LONDON - Arts correspondent for the Guardian Mark Brown talked to collector Frank Cohen about L. S. Lowry and a remarkable portrait appearing for sale this November. A full version of the story appears in the Guardian here.


Mark Brown: I believe you knew Lowry personally?

Frank Cohen: I would see Lowry around Manchester and used to visit him at least once a week. I remember sitting in his front room for about four hours, having gone there to see if I could buy something from him. He wouldn’t make you a cup of tea or a drink, and was very canny. He said “I’m just going to the backroom to get something” and I asked “Can I come with you?” and he answered “Don’t worry son, if I need any removals I’ll ask for Pickfords”. I never actually managed to buy anything directly from him.

Throughout his career, Lowry suffered from those who thought he lacked sophistication.

I think people used to think he was a little simple, but he was a highly intelligent and a proper professional painter. He wasn’t naive. As a person, he was jovial, he was fabulous, he was the salt of the earth to be honest with you.

IMG_3169Collector Frank Cohen.

When did you start collecting Lowry?

I’d started collecting early in my career, through my wife’s father, who put me in touch with someone who owned some Lowrys. I bought a little postcard-sized picture, which I think was called A Family. That started me off and every few quid I had I used to go and buy another Lowry.

How did you come to acquire A Father and Two Sons?

This painting reminded me of my first job in an office near Piccadilly Station in Manchester, where there was a guy who arrived every morning in a bowler hat and had these two gofers with him. I bought it in the late 1990s, treating myself using the money I got from selling my business. At that time, it was probably the most anyone had paid for a Lowry.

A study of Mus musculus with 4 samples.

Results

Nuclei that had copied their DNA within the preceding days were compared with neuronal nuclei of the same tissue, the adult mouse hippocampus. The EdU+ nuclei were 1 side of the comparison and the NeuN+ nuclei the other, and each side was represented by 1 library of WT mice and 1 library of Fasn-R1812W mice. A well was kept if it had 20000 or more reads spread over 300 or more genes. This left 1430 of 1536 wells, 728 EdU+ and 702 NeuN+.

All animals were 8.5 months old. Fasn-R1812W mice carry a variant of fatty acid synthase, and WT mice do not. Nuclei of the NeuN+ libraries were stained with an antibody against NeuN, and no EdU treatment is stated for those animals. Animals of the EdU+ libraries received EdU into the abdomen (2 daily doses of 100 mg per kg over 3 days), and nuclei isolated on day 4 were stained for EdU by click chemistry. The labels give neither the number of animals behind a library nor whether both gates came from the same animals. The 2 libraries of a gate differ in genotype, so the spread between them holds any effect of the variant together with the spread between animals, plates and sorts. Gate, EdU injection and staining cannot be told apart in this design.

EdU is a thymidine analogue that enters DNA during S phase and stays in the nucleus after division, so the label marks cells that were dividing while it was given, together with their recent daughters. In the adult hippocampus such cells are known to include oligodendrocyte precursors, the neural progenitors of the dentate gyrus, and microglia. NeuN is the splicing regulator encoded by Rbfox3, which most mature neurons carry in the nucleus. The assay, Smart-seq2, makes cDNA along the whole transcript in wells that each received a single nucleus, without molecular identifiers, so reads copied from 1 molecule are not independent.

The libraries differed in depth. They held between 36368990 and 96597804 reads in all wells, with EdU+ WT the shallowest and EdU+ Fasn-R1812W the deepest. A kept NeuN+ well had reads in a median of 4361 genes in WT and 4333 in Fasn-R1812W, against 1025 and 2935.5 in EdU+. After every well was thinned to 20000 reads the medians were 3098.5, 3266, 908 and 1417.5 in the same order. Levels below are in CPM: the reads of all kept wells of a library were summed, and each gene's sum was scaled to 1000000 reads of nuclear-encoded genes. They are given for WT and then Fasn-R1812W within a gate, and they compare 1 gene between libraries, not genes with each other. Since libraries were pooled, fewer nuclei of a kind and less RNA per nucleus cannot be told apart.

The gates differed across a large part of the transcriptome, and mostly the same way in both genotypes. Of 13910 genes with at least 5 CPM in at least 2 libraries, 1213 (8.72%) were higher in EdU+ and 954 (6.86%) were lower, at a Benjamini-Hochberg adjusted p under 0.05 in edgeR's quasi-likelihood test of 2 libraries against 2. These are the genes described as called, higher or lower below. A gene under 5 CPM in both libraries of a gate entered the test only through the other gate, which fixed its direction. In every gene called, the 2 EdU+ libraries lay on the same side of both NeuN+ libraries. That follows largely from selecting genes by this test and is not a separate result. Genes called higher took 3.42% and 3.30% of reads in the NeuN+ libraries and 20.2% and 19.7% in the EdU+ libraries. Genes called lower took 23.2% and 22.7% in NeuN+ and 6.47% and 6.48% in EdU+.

Do you have any idea about who these three men are?

Lowry painted ordinary people, who weren’t affluent. They are somebody, but nobody. Real, but not real. If you were in Manchester in the 1950s you would have seen men like this and Lowry carried on working as a rent collector even when he was quite an established artist in London, which I think was important to him not only for his own identity, but also for his research. Out on the streets he would be seeing his subject matter.

What has prompted you to sell the work?

I always say though that if you look at a picture in a gallery, they’re dead because they’re not going anywhere. I like things that have travelled. Pictures like this are rooted in Manchester and its people, but they have got a universal quality to them. That’s what makes Lowry important and relevant today. It has been on loan at the Lowry Centre for four or five years and then at Chatsworth and then the Tate. I would love this to go to someone who really appreciates it.


You mentioned reputation, how it has shot up really in recent years?

This is a true story - I was in a restaurant in London a few years ago with my wife, and Lucian Freud was sitting in the corner. We started talking and I asked him who he liked as an artist. He said “Auerbach and Lowry” and I couldn’t believe it, I really was amazed. He said he was a fantastic artist and he loved him. There you are - from Freud’s own mouth.


Gallery Talk by Michael Howard
L.S. Lowry, Father and Two Sons
Sunday 15th November, 2pm
Join us on Sunday 15th November for a gallery talk by acclaimed art historian Michael Howard on L.S Lowry’s masterpiece Father and Two Sons, which is to be included in our 17th Novembersale of Modern & Post-War British Art.
Author of Lowry: A Visionary Artist, Howard will take us on the journey of the painting’s inception, through the hands of its prestigious previous owner, the infamous Monty Bloom, and will discuss the position of the work as one of the most important figurative paintings of the artist’s career.